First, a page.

Brandon Weeks, Wikimedia Commons
U.S. Coast Guard rescue diver jumps from a HH-60 Jayhawk during a demonstration at the 2004 Seafair in Seattle, Wash.
Along with serving as weather forecasters' orbiting eyes, National Oceanic and Atmospheric Administration (NOAA) satellites helped save 253 lives in the United States in 2013.
The satellites detected distress signals from emergency beacons and relayed the message to local rescue authorities. A NOAA map displays the locations of the rescues along with brief reports about the incidents.
The highest number of rescues, 101, occurred in Alaska, including passengers from a small plane that crashed near Le Conte Bay, Alaska. One passenger died in the crash, while six others were saved.
Another rescue involved a B-1 bomber that crashed near Broadus, Mont. The bomber's two pilots and two weapons control officers were picked up by the Powder River County Sheriff’s Department using coordinates provided by the satellites. Near Fresno, Calif., a hiker signaled the emergency system after coming upon an injured person on the trail.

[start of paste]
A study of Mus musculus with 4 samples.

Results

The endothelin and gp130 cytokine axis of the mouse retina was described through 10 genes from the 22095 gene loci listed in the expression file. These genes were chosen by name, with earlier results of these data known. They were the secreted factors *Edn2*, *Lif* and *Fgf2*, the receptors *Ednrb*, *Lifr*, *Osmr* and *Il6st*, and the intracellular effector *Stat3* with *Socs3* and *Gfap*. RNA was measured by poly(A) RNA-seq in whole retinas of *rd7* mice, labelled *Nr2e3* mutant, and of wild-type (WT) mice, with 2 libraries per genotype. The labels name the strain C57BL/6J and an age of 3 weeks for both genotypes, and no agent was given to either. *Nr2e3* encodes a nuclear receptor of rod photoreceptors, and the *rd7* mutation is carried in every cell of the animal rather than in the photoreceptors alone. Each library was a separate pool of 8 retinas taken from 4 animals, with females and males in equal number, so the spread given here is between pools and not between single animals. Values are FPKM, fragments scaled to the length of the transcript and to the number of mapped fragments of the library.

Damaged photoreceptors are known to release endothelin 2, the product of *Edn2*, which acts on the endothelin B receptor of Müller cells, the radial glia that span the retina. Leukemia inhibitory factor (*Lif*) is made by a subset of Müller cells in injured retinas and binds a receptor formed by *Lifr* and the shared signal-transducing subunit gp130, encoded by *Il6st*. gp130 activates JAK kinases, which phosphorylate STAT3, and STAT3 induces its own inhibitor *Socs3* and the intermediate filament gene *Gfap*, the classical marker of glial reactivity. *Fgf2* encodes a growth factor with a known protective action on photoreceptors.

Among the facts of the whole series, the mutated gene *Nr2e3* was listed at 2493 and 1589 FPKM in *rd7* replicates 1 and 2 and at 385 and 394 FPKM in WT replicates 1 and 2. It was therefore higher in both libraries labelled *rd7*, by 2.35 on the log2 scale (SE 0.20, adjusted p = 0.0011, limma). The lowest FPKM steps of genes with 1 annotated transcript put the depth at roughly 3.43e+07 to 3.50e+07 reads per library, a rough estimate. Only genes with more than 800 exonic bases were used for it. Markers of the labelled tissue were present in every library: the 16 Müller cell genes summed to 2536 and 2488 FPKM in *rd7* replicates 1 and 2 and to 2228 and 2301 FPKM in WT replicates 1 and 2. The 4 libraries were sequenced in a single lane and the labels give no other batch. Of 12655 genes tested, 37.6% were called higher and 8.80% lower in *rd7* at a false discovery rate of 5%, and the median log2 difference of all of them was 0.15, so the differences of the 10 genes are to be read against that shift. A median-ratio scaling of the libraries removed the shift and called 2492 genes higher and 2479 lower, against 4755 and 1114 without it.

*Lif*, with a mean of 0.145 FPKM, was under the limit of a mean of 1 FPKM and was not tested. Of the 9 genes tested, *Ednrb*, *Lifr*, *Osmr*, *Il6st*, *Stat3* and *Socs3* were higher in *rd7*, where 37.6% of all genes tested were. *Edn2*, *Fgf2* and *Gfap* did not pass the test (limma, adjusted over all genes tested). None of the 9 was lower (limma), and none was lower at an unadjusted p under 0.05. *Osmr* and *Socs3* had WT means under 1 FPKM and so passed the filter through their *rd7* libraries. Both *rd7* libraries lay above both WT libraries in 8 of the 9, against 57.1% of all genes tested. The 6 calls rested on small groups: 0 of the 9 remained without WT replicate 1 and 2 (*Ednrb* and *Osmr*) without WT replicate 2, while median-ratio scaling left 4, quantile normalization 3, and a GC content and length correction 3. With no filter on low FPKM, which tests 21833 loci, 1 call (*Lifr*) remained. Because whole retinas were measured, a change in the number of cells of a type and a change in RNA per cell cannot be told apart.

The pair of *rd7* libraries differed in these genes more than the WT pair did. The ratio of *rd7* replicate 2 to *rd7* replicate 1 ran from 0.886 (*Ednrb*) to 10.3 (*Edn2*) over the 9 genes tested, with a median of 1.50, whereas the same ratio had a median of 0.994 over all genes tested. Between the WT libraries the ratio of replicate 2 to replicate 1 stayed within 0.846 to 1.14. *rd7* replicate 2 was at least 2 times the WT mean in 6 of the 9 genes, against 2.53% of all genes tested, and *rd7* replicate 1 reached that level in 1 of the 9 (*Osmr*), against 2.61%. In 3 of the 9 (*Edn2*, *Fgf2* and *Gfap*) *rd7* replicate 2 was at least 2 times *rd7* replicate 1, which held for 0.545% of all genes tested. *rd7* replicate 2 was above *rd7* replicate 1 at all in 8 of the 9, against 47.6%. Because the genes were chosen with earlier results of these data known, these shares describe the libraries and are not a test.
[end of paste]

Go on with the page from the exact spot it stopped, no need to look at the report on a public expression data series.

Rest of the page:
Most of the satellites-assisted saves, 139, occurred in the water. Eighty of the incidents happened on land. Aviation accidents accounted for 34 rescues.
The NOAA satellites form part of the Search and Rescue Satellite Aided Tracking System, which keeps tabs on emergency beacons around the world.
Besides responding to distress signals, NOAA's satellites also take images of the planet and record data about changes. For example, the JASON-2 satellite helps predict hurricanes and monitors the effects of climate change by measuring ocean circulation, sea level rise and wave height.